About 9% of Swaziland is now under timber plantations (eucalyptus, pine and acacia). In December 2004 Wally Menne, a member of the South African Timberwatch Coalition made public his research: “Timber Plantations in Swaziland: An investigation into the environmental and social impacts of large-scale timber plantations in Swaziland” (available at http://www.wrm.org.uy/countries/Swaziland/Plantations.pdf ).
Menne’s study also covers the certified tree plantations of Mondi Forests (a subsidiary of the giant Anglo-American Corporation), which operates in Swaziland through its associated company Peak Timber Ltd, and its South African owned sister company Mondi Timber.
Mondi Forests (also known as Mondi Peak) owns almost 32,000 hectares of land at the village of Pigg’s Peak, in northern Swaziland, of which about 20,000 hectares is under plantations (about 90% of the plantations in the Pigg’s Peak area). These consist of nearly 6,000 hectares of pine and 14,000 hectares of eucalyptus and there is a small area of about 30 hectares under Blackwood Acacia. Most of the eucalyptus is exported for pulp production and about 75% of the pine is exported. Over the past ten years there has been a systematic conversion from pine to eucalyptus, which is believed to deliver greater returns due to the quicker rotation, and now makes up 75% of the Peak plantations.
FSC certification of the Mondi Peak plantations was first awarded in 1996, as part of the Mondi owned plantations in South Africa. From the FSC website, it appears Mondi has no certified plantations in Swaziland, because they are included in the total area certified for Mondi in South Africa. The certification is reviewed every 5 years and will come up for review again in 2007. Annual inspections are conducted by FSC-accredited certification company SGS.
The field research tried to determine whether those tree plantations had benefited the local communities, and what follows are some of the answers received:
Nhlanhla Msweli, from the social organization Swaziland Campaign against Poverty and Economic Inequality (SCAPEI), recalls that around 1997 there were major retrenchments in the timber industry --including Mondi. Economic hardship was raised as the reason for reducing staff, but at the same time the work was “outsourced” to contractors, who were often ex-employees who had been assisted in establishing their own “contract businesses”. This has led to an extremely competitive labour market. Outsourcing of activities by companies has not benefited many people, because it is really a way of passing on risks and costs to the new companies that are established. When they eventually fail, and investments made with retrenchment payouts are lost, poverty becomes greater.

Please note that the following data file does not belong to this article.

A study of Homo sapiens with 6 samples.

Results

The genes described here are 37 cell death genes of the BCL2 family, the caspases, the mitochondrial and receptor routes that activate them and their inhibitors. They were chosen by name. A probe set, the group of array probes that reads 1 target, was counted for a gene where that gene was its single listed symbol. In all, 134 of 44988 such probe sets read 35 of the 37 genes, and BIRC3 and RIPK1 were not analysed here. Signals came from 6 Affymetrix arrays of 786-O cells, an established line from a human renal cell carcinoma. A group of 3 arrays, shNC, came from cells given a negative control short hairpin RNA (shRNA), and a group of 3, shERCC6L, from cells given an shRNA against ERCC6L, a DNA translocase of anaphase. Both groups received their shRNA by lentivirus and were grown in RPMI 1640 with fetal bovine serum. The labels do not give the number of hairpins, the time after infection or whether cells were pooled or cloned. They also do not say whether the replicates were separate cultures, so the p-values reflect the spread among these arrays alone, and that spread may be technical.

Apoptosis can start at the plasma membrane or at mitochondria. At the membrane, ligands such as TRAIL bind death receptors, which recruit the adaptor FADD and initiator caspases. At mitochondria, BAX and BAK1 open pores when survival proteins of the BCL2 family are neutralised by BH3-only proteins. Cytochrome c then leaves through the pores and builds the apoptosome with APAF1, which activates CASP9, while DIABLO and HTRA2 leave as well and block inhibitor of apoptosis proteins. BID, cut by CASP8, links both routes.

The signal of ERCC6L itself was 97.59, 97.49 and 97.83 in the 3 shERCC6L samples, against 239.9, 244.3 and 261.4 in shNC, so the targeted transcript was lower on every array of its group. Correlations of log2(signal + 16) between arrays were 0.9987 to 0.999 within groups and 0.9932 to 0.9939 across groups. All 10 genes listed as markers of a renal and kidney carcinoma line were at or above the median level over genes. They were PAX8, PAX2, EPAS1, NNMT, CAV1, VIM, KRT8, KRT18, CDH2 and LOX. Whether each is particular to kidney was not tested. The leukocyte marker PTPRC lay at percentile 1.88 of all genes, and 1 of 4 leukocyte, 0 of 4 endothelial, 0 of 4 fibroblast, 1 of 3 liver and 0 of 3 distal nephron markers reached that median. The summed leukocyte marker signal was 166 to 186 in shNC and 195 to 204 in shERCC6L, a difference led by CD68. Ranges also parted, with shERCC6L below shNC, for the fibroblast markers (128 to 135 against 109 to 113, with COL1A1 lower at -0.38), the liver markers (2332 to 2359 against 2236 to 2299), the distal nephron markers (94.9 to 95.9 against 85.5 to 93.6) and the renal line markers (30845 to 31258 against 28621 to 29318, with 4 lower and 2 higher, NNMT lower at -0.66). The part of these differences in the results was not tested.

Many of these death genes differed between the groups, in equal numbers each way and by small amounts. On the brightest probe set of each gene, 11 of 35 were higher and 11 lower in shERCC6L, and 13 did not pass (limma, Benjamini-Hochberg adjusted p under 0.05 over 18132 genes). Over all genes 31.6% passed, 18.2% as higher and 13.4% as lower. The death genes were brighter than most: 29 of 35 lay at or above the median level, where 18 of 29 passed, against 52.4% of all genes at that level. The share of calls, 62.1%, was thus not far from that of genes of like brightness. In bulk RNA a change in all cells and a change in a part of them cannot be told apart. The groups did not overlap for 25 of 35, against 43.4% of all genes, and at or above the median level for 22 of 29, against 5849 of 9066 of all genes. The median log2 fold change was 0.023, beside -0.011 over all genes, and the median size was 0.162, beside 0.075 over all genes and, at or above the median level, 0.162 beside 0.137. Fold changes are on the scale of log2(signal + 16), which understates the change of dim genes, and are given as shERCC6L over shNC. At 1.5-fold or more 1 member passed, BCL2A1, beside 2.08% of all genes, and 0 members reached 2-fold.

Mrs Duduzile (Matilda) Zwane, a School Principal of the Primary School of Ekuthuleni (Mondi Peak main sawmill worker village), held a negative view of timber plantations. She believed that the community had not benefited much from their establishment, either from the point of view of people working in the industry or living in the area. Labourers received low pay although some rations were also received. There had been a strike at the sawmill recently and while the strike was in progress an accidental fire, started by a spark from a welding machine, had ignited sawdust and caused serious damage to the mill. Although the strike had ended, workers were retrenched afterwards. The sawmill was to be upgraded and new technology equipment would be installed. It was an issue that the company used big machines to do work instead of giving more jobs to people.
There was very little done by the company to help the community. Only bona fide employees and their direct family could use the Mondi health clinic facilities. Others had to use the government hospital at Pigg’s Peak. The poverty in the community was causing young girls to become prostitutes. They would accept as little as 2 Emalangeni (One US Dollar is equal to 6 Emalangeni) for sex, usually from older men who had jobs at the mill. She added that most girls in the area became pregnant before they reached the end of Standard 5 (the seventh year of school).
No bursaries were offered, and assistance with building a community church had not been forthcoming. The school was in desperate need of more classrooms and teacher accommodation. There is no playground at the school and the roads in the village are in a very bad state. The general condition of workers homes is very poor.
Mrs Zwane stated that she had noticed that rivers in the timber growing areas had dried up over the years. She could remember places where people could swim when she was a child, that are now dry.
The above is in line with what Rex Brown –from Environmental Consultancy Services- replied during the research. He stated that the establishment of the three main plantations in the country (Shiselweni, Usutu and Mondi) happened with little consideration given to their short and long term impacts on the environment, livelihoods, water and pollution. Regarding water, Brown said that the plantations appear to act as sponges and partially as a result of their species composition, absorb great quantities of water that is not released into the rivers and streams. This combined with ever increasing water demands within the catchments, leads to annual shortages of water.
As a final conclusion the author of the study says: “The plantations in the Pigg’s Peak area could at best be described as very poorly managed, and at worst – absolutely disgusting. It is unbelievable that these plantations that in some areas are a totally unmanaged mix of species, heavily infested with alien invader plants, could have been given FSC certification.”